Black & White
BLACK AND WHITE is a highly charged period drama about one man's conviction that changed a nation. Based on a true story, BLACK AND WHITE is a compelling and even-handed look at a trial that galvanized Australia in the fifties.
It is Christmas 1958 in conservative Adelaide, a city that prides itself on its peaceful, well-bred qualities. An excitable young lawyer, David O'Sullivan (Robert Carlyle), is given the news that he has drawn a 'bad lottery prize' - a no fee case where he must defend a young Aboriginal man Max Stuart (David Ngoombujarra) who has been arrested for the murder of a nine year old white girl. The murder took place in the far west desert town of Ceduna, a conservative village where cops are kings.
O'Sullivan is inexperienced and inept - he can't even handle a simple will - and he gets little support from his partner, Helen Devaney (Kerry Fox). He faces a most erudite and ambitious prosecutor, the terribly British Roderic Chamberlain (Charles Dance), who feels he is the empire's last bastion against barbarism. And Max is hardly the most trustworthy client: he changes his story almost daily.
But O'Sullivan is immediately suspicious. It's obvious that Max did not write his own confession and the prosecution changes evidence willy-nilly, torpedoing any proper defence. Battling his own shortcomings, as well as legal and social prejudices, O'Sullivan fights for Max like a man possessed. Just as everything seems lost, O'Sullivan finds a new ally in Rupert Murdoch (Ben Mendelsohn), then a young tabloid publisher trying to make a name for himself, who either believes Max to be innocent or senses a story ripe for exploitation.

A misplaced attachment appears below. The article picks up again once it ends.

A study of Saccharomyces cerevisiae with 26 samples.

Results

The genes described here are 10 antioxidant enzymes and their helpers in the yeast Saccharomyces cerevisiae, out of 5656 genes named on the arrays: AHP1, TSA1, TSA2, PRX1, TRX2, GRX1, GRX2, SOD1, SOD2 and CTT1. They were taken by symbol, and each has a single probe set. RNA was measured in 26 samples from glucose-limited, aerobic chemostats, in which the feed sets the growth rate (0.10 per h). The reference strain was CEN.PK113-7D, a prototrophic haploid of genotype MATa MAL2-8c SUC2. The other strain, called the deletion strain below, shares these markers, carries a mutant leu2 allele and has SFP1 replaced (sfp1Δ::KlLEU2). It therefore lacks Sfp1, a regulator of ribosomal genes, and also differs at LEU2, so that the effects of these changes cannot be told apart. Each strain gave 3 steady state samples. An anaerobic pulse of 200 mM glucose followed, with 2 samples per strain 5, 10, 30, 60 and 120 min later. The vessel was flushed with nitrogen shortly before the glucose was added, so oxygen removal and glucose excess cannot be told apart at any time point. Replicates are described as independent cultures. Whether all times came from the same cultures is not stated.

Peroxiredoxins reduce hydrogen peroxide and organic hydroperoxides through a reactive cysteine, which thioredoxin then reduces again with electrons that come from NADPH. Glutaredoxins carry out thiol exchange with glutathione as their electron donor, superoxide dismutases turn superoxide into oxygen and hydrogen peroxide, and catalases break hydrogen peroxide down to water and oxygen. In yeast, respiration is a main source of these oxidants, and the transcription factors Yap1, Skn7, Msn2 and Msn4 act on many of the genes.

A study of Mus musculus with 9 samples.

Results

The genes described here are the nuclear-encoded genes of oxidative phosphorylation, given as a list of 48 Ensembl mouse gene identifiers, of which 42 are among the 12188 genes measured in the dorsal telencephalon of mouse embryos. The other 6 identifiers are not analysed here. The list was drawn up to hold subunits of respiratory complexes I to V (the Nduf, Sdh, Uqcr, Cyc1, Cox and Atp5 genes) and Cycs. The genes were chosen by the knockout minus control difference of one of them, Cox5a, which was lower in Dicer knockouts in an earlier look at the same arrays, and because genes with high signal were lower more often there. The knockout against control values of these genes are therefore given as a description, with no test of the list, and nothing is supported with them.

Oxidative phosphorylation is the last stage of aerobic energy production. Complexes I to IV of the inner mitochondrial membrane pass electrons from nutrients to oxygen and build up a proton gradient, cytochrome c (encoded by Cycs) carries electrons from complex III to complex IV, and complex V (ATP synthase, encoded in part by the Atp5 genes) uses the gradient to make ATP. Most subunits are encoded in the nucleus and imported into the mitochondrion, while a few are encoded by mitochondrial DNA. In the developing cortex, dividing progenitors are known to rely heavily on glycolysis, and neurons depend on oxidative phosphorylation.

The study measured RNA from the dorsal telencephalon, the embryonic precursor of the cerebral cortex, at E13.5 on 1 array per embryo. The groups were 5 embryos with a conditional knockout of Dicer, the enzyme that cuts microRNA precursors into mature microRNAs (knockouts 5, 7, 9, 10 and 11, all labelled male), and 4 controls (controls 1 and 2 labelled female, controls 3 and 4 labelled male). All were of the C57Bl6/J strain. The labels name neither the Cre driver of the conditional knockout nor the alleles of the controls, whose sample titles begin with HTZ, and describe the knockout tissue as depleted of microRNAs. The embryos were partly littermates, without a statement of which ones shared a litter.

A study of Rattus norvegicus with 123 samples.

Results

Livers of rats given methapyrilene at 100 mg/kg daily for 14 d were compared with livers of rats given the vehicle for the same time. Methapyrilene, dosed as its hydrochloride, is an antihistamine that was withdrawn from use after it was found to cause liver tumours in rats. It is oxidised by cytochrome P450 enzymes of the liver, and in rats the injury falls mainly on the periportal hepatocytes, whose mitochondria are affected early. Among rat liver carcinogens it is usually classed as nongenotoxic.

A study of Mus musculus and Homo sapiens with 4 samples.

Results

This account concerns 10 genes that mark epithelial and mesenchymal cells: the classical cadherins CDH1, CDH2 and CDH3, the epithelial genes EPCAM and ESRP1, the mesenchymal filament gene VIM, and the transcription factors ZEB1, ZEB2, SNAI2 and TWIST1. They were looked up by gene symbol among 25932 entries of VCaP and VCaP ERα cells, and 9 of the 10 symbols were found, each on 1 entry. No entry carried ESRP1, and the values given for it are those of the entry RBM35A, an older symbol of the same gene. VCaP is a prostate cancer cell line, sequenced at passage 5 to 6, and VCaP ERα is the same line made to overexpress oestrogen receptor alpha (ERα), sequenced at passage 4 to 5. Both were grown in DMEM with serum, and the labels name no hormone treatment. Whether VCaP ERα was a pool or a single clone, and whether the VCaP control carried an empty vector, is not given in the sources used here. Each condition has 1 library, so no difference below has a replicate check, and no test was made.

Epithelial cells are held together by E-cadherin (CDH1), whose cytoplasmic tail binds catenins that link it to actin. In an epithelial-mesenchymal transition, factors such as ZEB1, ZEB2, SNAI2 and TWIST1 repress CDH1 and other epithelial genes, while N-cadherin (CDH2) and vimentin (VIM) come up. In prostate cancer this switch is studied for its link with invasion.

Although it takes place nearly five decades ago, in a country just emerging from a colonial mentality, BLACK AND WHITE is eerily, painfully contemporary. It wisely refuses to argue for Max's innocence or guilt, concentrating instead on a rigged and problematic justice system which simply could not provide a proper trial for the accused. BLACK AND WHITE raises questions that invariably transcend mere details; its real focus is the nature of justice in a world overrun by prejudice and suspect media - and populated by inevitably flawed human beings.